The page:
ABOARD THE PAPAL PLANE – On his flight back from Macedonia, Pope Francis hailed Canadian humanitarian and theologian Jean Vanier, who died Tuesday, as a “great witness” who fought for those in danger of being aborted due to disability.
In his comments to the press during his May 7 flight from Skopje to Rome, Francis said he called Vanier around a week ago to speak with him before his death, saying that while Vanier could not reply, he listened to everything the pope had to say.
“I would like to express my gratitude for this testimony,” Francis said, calling Vanier “a man who knew how to read the Christian efficiency of the mystery of death, the cross, of sickness, the mystery of those who are disrespected and discarded by the world.”
“He didn’t just work for the least of us, but also for those who, before being born, there is the possibility of condemning them to death,” Francis said, alluding to the fact that many children with disabilities are aborted once their disability is discovered.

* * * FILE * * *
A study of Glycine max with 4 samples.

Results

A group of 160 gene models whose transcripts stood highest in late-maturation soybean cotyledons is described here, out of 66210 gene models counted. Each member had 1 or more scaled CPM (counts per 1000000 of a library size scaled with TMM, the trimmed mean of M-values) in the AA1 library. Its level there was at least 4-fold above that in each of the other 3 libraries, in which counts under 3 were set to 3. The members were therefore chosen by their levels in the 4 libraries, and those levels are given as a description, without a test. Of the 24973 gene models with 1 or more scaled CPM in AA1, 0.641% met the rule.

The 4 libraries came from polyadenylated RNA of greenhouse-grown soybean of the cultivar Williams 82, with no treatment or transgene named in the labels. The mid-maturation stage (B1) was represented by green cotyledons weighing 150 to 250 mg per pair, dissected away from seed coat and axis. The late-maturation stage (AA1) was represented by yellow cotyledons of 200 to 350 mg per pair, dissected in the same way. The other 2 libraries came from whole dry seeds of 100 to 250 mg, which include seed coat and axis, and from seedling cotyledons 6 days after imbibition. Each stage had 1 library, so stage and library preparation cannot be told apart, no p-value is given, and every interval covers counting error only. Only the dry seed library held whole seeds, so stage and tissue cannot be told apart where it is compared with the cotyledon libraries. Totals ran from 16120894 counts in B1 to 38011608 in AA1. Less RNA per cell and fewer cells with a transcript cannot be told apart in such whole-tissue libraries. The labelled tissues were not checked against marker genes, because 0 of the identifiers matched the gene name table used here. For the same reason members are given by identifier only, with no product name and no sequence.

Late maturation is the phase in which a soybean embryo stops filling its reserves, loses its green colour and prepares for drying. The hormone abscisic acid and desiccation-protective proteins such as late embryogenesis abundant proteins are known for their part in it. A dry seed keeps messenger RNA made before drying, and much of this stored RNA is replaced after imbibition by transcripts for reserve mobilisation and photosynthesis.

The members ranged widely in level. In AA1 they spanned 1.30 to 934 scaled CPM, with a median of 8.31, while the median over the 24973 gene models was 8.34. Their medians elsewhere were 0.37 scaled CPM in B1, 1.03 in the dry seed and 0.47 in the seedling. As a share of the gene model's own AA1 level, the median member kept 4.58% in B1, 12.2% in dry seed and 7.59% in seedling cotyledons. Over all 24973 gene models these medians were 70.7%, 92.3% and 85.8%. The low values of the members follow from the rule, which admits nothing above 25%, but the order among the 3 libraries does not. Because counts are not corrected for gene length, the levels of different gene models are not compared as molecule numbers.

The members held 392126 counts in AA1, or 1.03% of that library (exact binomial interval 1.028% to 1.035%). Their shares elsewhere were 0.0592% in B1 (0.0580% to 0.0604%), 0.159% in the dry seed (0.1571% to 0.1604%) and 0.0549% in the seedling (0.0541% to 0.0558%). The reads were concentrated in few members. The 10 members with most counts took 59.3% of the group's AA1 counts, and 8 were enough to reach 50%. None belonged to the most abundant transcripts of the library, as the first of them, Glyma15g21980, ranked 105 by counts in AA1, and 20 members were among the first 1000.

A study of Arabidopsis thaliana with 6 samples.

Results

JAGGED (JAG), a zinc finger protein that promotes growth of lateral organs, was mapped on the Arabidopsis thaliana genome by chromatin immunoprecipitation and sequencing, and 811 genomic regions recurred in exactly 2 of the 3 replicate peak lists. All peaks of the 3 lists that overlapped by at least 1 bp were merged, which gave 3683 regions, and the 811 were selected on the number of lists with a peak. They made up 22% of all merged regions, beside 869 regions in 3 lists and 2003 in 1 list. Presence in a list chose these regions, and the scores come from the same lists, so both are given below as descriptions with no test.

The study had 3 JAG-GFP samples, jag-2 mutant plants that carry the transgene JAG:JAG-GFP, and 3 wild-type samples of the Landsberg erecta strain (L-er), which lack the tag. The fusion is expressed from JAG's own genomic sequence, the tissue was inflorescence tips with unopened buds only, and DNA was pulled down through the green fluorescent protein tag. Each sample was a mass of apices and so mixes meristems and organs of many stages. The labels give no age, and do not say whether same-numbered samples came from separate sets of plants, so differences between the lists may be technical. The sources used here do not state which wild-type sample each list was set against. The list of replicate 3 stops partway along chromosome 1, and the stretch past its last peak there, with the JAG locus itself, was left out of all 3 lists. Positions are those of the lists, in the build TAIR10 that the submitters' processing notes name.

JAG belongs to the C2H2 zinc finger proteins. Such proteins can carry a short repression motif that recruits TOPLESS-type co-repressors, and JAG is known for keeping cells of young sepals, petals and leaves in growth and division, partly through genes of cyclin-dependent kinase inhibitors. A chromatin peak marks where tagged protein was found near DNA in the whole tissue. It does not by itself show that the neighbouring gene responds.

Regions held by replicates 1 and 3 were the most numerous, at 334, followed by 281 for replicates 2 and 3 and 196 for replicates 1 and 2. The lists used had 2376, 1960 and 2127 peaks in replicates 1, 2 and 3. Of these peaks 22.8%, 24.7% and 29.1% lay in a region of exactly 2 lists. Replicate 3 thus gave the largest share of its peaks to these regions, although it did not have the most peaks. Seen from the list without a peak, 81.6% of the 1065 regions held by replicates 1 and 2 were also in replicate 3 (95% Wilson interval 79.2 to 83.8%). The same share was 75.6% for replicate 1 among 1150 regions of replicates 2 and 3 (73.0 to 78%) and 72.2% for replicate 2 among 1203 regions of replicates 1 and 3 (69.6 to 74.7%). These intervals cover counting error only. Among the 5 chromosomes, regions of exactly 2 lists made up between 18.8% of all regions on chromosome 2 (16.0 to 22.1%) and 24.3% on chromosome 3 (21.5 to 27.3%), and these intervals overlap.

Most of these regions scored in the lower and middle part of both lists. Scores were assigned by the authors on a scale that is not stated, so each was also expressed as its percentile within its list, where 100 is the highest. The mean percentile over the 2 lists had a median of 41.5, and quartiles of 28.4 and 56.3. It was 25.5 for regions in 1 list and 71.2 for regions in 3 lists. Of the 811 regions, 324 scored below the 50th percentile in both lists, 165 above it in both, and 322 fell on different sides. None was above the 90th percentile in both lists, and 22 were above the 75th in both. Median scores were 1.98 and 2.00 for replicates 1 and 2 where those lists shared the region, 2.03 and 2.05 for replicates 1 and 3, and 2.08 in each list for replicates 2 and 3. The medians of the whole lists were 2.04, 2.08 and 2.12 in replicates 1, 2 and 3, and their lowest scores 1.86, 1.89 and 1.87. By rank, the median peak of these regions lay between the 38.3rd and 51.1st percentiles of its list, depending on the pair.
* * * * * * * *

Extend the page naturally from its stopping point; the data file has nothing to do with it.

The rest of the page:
Vanier “spent his life like this,” the pope said, adding, “Simply, thanks to him and thanks to God for having given us this man, with such a great witness.”
Born in 1928 in Geneva to Canadian parents, Vanier after abandoning his academic studies met a French priest who focused on the struggles of those suffering from disabilities. In response, he invited a couple of other friends to come live with him and a handful of disabled persons in Trosly-Breuil, France, launching what became the L’Arche movement.
RELATED: With death of Jean Vanier, Catholicism loses a living saint
In 1971, Vanier also co-founded the Faith and Light movement, focused on people with learning disabilities. L’Arche has spread to more than 37 countries, and Faith and Light to roughly 80.
Vanier died from cancer Tuesday morning at the age of 90 in a Paris facility run by the L’Arche community that he founded in 1964.
During his life, he was often compared to Mother Teresa given their work with those on the margins of society and the emphasis they placed on loving the human person, despite their condition.